Mobile Learning: Past, Present and Future (Part 1)

Excerpts from the NetDimensions White Paper by Gary Woodill Ed.D

In order for learning to take place, several components must be in place. First, we need a learner with the motivation to learn something. This learner is always in a specific context, located in a particular culture, point in history, and place, which must be taken into account. As well, we need a source of knowledge or the opportunity for experience and discovery in order for learning to happen. As we shall see, all these components are important in understanding how learning and development has the potential to radically shift with the advent of mobile learning.

From “nomadic learning” to the “immobilization of learning”
Since the development of the human species, people have learned throughout their daily lives. In prehistoric times, before the invention of writing, learning took place in the course of everyday life through observation and imitation of the actions of other people. Formal schooling came with the invention of writing, allowing knowledge to be recorded and passed along from one generation to another. However, school was unknown to the vast majority of people who learned from members of their family or as apprentices to masters of various trades. The first “mobile learning” would have to be examples of learning while wandering from one place to another – what we might call “nomadic learning”. Of course, in those days there is no electronic technology to assist a learner on the move.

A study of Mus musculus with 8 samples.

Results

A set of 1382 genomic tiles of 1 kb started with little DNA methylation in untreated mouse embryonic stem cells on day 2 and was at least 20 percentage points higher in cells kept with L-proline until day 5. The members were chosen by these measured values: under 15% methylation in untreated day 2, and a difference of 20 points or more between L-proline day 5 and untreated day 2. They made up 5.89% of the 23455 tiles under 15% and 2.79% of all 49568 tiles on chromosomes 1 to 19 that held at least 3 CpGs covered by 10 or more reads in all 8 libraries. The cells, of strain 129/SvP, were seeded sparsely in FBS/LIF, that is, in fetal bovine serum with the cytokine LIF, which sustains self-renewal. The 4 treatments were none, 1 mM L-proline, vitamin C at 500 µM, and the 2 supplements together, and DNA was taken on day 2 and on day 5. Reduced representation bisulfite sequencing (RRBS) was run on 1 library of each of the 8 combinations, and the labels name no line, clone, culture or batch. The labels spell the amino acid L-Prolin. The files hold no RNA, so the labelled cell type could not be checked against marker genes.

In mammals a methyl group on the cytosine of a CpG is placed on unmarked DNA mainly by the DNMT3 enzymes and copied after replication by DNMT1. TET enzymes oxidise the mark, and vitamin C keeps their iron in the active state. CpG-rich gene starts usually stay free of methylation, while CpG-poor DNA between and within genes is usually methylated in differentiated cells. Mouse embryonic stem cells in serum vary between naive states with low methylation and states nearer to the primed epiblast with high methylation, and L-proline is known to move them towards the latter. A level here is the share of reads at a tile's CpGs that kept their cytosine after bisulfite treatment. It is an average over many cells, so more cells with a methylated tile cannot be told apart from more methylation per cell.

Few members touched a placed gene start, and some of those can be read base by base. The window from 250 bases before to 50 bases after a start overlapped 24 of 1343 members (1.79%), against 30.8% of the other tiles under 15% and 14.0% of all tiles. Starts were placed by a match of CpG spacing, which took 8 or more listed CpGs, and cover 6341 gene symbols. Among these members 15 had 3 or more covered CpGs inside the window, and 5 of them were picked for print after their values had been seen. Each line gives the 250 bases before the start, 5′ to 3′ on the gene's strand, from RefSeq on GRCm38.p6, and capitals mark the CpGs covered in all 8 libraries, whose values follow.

The invention of the printing press by Johannes Gutenberg in the 1430s changed everything. The ability to produce books in large quantities meant that curriculum could be standardized, allowing the state to impose “norms” of behavior and knowledge throughout its jurisdiction. In fact, the first institutions for training teachers were called “normal schools.” Along with a standardized curriculum came new learning technologies in the form of the modern classroom.

The modern classroom was invented in the 1770s in Prussia by a religious group called the Pietists. The modern classroom is a learning technology that includes sitting in rows, raising hands, recess, periods, and detentions.

But, while classrooms were, and are, a ubiquitous feature of modern schools, the same cannot be said for corporate training. By the beginning of the 20th century, American companies such as Westinghouse and General Electric provided schooling to many of their workers, and in 1913 the National Association of Corporation Schools was founded. But, schools attached to workplaces were rare. Instead, training was usually “on the job” or, in some cases, took place in the hallways adjacent to the shop floor where people worked. This practice was known as “vestibule training,” and was common before World War II.

The American Society for Training and Development was founded in 1944 and marked the beginning of the professionalization of corporate training. The “corporate university” movement was boosted by the founding of McDonald’s Hamburger University in 1961. The 1970s and 1980s saw a strong growth in the number of corporate universities with their own training facilities in many large companies throughout the world.